Android TV hasn’t changed much since its conception a few years ago, but at I/O this past year, Google announced a brand new design for Android TV based on Oreo. The new UI is gorgeous, but most Android TV makers have been quiet on updating their devices to the new version. According to Nvidia, there’s a reason for that…
Speaking to TechHive at CES earlier this month, Nvidia’s director of Shield management, Chris Daniel, was able to reveal some new details about the set-top box. He said that the Shield TV is “doing very well” and that the company has plans to bring it to more countries this year, as well as an expanded retail presence in the United States.
What was more interesting, though, was what Daniel had to say regarding Android Oreo. Traditionally, Nvidia has been quick to adopt new releases from Google to their Android hardware, but Oreo has been available for months at this point with no sign of its arrival on Shield. Thankfully, though, Daniel says that Nvidia will be delivering Oreo on the Shield TV this year, but there’s no more specific time frame.
Why the delay? Apparently, Nvidia isn’t satisfied with Oreo on Android TV just yet. Daniel says that Nvidia is “making a lot of change with Google” to this update, mainly to fix the new interface. This shouldn’t come as too much of a surprise, as we’ve seen Nvidia work with Google in the past to improve Shield features.
It seems that Nvidia’s main problem with Oreo right now is app support, as the new interface changes things so dramatically that developers have to update their apps to better support it.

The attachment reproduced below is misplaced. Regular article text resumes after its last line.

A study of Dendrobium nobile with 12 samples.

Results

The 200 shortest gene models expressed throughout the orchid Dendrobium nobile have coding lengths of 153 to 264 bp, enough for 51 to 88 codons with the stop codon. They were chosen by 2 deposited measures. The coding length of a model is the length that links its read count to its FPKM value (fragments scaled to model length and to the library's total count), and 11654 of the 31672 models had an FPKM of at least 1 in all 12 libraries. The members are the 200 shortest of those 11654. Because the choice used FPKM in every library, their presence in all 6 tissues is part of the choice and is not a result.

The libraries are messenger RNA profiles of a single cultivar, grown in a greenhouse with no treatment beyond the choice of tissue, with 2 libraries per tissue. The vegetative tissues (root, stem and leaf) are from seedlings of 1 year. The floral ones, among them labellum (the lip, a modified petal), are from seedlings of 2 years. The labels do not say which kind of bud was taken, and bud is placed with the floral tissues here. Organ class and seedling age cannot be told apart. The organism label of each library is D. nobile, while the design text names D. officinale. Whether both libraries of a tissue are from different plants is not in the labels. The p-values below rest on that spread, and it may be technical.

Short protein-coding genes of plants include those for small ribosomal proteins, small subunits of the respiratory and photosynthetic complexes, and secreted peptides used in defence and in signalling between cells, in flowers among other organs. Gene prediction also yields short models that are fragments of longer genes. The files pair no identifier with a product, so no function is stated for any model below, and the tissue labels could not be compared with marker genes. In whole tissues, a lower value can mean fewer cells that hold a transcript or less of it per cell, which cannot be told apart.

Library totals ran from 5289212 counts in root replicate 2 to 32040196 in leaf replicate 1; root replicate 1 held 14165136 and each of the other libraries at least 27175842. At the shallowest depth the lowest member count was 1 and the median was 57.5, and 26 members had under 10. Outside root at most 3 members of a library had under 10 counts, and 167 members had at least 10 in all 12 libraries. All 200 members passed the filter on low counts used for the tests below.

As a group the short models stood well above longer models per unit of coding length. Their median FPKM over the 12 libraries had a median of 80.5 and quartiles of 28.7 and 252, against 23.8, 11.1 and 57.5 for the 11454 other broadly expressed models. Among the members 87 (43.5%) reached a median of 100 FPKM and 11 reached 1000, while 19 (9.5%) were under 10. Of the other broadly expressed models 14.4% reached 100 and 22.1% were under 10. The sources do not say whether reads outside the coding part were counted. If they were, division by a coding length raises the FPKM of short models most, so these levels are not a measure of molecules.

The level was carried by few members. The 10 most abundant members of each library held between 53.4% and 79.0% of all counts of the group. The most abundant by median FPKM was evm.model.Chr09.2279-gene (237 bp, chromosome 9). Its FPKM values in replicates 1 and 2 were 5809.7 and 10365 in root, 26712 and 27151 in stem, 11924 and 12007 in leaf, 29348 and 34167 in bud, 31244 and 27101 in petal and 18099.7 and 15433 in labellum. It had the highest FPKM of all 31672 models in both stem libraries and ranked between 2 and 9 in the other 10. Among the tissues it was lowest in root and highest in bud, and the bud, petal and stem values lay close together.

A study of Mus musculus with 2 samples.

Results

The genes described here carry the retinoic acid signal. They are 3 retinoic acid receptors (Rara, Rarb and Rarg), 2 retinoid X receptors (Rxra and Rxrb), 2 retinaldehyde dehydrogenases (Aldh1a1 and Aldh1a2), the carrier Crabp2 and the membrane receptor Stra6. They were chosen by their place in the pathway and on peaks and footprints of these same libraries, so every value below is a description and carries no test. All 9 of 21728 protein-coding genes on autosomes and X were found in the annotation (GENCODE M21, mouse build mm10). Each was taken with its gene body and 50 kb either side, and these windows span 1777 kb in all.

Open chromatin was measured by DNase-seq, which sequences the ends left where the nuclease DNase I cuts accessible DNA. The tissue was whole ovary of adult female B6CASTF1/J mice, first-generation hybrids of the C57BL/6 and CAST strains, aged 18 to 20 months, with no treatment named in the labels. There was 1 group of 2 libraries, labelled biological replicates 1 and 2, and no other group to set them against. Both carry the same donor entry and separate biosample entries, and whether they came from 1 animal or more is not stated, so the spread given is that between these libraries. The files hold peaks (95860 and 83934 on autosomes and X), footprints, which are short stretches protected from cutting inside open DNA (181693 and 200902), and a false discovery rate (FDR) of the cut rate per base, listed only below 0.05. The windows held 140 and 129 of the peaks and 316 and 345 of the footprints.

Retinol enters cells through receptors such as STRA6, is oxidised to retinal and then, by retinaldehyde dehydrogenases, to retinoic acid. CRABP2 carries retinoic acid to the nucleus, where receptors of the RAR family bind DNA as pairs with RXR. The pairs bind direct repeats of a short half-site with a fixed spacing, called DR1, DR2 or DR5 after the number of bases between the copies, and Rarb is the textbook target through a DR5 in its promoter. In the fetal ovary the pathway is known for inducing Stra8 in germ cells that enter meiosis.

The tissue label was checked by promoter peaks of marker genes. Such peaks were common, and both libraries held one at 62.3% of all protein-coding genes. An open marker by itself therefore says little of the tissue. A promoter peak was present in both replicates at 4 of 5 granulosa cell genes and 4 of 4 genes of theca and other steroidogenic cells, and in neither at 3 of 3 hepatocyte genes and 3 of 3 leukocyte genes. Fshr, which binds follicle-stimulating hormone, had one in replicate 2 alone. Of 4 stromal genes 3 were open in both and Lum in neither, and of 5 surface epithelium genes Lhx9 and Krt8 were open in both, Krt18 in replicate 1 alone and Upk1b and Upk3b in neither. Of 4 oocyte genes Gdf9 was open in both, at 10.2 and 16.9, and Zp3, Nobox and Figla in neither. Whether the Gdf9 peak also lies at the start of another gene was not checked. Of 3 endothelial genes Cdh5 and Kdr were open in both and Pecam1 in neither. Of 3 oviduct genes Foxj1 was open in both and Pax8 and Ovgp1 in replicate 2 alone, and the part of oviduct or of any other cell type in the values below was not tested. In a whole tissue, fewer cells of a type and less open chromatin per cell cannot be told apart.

“Recommendations” are the core part of this problem. Where Android TV up until Nougat didn’t fully rely on recommendations to function, Oreo changes that. The new “What’s Next” UI has recommendations running throughout it, requiring apps to support the functionality in order to have the interface populated with content.
Sadly, Android TV developers have a tendency to be pretty slow in this regard (looking at you Hulu), so Nvidia can’t release the update and then hope developers jump on board quickly afterward.
..if you release a whole new interface, and the apps aren’t supporting it, then we don’t feel like it’s a good launch for us, so we’re working hard on that.
Waiting on developers makes a lot of sense from Nvidia’s point of view, as releasing a new interface for its users that isn’t complete due to the apps would be a jarring experience, especially for owners who don’t know that the update changes everything. Needless to say, though, someone has to get Oreo on Android TV into the hands of developers in order to solve this problem. Time for a Pixel Player, no?